Hey, how about some slightly heartwarming news on this day of incomprehensible crap? After one of their companions was ensnared by a hunter's trap in Rwanda, it seems that young endangered gorillas are getting the last laugh. Or, uh, last terrifying jungle scream. Conservationists say a trio of juveniles in Rwanda has successfully learned how to find and dismantle other traps left by the poachers.
The endangered great apes live in Rwanda's Volcanoes National Park, where poachers occasionally set snare traps intended to capture antelope and other small game. According to National Geographic, the traps aren't powerful enough to harm adult gorillas, but baby gorillas are sometimes injured or killed. Last week, a female infant died after being caught in such a trap.
The traps are illegal, as they threatened the local mountain gorillas, which are already on the brink of extinction. And so, every day, human trackers comb the park for snares set by illegal poachers, dismantling them as they come across them. But earlier this week, a funny thing happened on the way to the snare.
On Tuesday tracker John Ndayambaje spotted a trap very close to the Kuryama gorilla clan. He moved in to deactivate the snare, but a silverback named Vubu grunted, cautioning Ndayambaje to stay away, Vecellio said.
Suddenly two juveniles-Rwema, a male; and Dukore, a female; both about four years old-ran toward the trap.
As Ndayambaje and a few tourists watched, Rwema jumped on the bent tree branch and broke it, while Dukore freed the noose.
The pair then spied another snare nearby-one the tracker himself had missed-and raced for it. Joined by a third gorilla, a teenager named Tetero, Rwema and Dukore destroyed that trap as well.
In addition to being a terrifying harbinger of the future ape-ruled world we'll inhabit after someone does something stupid that results in a chain reaction that ends up destroying all of our computers and cars, researchers at a nearby preserve say they suspect this isn't the first time the young gorillas thwarted a poacher's plans. Other members of their clan have been caught in snares before, remarked one researcher, and so it's likely the juveniles know that the traps are dangerous to them. Another surmised that the gorillas must have learned how to dismantle them by watching human trackers at work.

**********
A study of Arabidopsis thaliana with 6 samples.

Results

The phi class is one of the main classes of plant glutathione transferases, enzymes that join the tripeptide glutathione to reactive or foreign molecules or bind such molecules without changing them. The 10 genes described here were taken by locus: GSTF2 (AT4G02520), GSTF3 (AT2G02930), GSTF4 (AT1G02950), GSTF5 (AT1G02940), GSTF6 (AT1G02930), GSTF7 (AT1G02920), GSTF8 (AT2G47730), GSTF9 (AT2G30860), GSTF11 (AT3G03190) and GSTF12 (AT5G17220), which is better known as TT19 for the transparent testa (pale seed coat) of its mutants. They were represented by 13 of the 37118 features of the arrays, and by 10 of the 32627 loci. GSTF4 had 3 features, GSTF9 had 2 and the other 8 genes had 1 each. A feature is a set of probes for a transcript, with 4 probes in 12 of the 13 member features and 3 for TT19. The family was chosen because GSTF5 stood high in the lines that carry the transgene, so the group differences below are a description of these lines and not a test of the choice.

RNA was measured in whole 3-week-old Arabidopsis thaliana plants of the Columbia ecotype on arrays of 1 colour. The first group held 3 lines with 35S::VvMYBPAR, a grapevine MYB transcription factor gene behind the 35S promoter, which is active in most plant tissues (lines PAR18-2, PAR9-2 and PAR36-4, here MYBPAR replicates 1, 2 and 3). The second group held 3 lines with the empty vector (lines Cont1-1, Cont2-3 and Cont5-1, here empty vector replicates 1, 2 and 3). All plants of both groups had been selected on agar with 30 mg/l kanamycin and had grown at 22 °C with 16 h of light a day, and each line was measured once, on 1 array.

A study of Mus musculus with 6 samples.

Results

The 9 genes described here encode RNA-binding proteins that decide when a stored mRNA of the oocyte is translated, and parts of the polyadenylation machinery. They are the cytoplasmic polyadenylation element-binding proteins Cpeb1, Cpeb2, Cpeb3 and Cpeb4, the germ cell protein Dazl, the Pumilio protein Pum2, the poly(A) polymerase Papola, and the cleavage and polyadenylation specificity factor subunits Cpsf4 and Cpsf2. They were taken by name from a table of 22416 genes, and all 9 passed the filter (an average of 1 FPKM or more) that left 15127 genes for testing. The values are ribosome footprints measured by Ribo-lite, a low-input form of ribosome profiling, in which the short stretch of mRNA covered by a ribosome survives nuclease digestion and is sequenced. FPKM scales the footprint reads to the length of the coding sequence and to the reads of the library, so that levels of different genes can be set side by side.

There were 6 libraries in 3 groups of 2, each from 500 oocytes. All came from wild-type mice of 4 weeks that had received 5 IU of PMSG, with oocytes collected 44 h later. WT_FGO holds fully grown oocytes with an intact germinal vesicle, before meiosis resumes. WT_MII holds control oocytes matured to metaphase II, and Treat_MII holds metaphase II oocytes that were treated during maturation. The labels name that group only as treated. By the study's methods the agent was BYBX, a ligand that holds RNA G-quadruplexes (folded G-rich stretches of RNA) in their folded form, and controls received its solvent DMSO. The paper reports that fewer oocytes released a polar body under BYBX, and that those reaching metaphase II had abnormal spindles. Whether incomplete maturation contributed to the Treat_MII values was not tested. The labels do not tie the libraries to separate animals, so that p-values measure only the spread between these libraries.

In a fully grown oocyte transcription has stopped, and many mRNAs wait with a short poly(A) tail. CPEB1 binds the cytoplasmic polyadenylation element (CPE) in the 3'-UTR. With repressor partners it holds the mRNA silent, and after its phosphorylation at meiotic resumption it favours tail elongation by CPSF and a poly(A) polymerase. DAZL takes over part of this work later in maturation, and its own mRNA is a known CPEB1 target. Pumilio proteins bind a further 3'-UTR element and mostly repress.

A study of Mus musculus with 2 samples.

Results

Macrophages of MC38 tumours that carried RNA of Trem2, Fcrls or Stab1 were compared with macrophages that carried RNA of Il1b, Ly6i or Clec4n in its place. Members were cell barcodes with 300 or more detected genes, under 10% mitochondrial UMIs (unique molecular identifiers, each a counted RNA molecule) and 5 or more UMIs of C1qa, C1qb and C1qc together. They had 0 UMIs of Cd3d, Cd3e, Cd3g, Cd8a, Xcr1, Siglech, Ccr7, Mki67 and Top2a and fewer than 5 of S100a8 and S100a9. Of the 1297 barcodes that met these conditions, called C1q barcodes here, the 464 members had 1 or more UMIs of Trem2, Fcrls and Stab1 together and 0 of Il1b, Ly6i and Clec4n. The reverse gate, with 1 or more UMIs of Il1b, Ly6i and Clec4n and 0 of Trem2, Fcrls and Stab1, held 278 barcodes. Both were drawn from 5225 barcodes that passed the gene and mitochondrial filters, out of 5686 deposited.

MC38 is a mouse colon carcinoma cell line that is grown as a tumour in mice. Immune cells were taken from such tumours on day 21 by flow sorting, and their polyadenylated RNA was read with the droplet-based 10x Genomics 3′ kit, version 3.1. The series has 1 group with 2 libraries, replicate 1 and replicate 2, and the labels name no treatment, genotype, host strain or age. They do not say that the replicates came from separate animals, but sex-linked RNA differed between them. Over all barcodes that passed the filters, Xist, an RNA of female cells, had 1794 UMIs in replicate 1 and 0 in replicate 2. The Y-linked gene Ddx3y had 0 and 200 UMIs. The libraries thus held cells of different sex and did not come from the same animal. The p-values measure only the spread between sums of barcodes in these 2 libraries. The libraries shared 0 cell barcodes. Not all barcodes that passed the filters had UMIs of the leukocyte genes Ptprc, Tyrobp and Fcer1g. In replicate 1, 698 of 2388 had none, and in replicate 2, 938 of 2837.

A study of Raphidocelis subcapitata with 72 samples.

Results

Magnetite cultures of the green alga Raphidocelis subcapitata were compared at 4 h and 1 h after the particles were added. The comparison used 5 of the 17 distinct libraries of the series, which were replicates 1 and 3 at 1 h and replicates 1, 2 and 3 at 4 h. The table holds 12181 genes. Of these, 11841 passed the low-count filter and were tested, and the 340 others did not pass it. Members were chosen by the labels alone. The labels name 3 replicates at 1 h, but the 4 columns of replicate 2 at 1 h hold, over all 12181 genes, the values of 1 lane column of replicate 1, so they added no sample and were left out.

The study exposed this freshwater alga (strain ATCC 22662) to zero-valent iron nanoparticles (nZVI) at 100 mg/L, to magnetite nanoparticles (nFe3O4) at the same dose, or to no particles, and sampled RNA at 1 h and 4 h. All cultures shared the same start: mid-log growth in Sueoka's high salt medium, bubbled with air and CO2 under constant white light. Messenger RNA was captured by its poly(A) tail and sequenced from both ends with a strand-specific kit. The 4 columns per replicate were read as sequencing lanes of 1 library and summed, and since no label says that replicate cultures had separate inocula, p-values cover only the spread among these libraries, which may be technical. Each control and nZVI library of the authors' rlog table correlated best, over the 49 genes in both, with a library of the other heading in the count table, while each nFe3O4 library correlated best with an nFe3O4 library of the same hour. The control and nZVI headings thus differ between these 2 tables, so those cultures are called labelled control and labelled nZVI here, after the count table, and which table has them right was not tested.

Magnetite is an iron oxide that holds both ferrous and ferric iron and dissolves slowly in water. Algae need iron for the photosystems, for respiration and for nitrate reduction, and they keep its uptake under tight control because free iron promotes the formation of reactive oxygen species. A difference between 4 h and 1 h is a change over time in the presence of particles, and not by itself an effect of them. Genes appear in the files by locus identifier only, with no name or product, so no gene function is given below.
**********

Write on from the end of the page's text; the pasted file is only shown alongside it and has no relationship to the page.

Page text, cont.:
It's probably a spike in my hormone levels combined with not having had a Fruit Roll up this morning combined with starting the day by reading account after account of horrible news, but this story made my eyes dangerously misty. Code Kleenex. The idea of gorillas learning how to dismantle traps in order to help each other is producing an emotional response in me similar to the one prompted by that scene in Finding Nemo when the net full of fish swims down together and is able to break free.
As of 2010, experts estimate that only 790 mountain gorillas exist in the wild, but thanks to conservation efforts, their population has been rising steadily since reaching a nadir in the early 1980's. Hopefully the next stop on their World Comeback Tour will involve learning how to turn off car alarms by smashing them.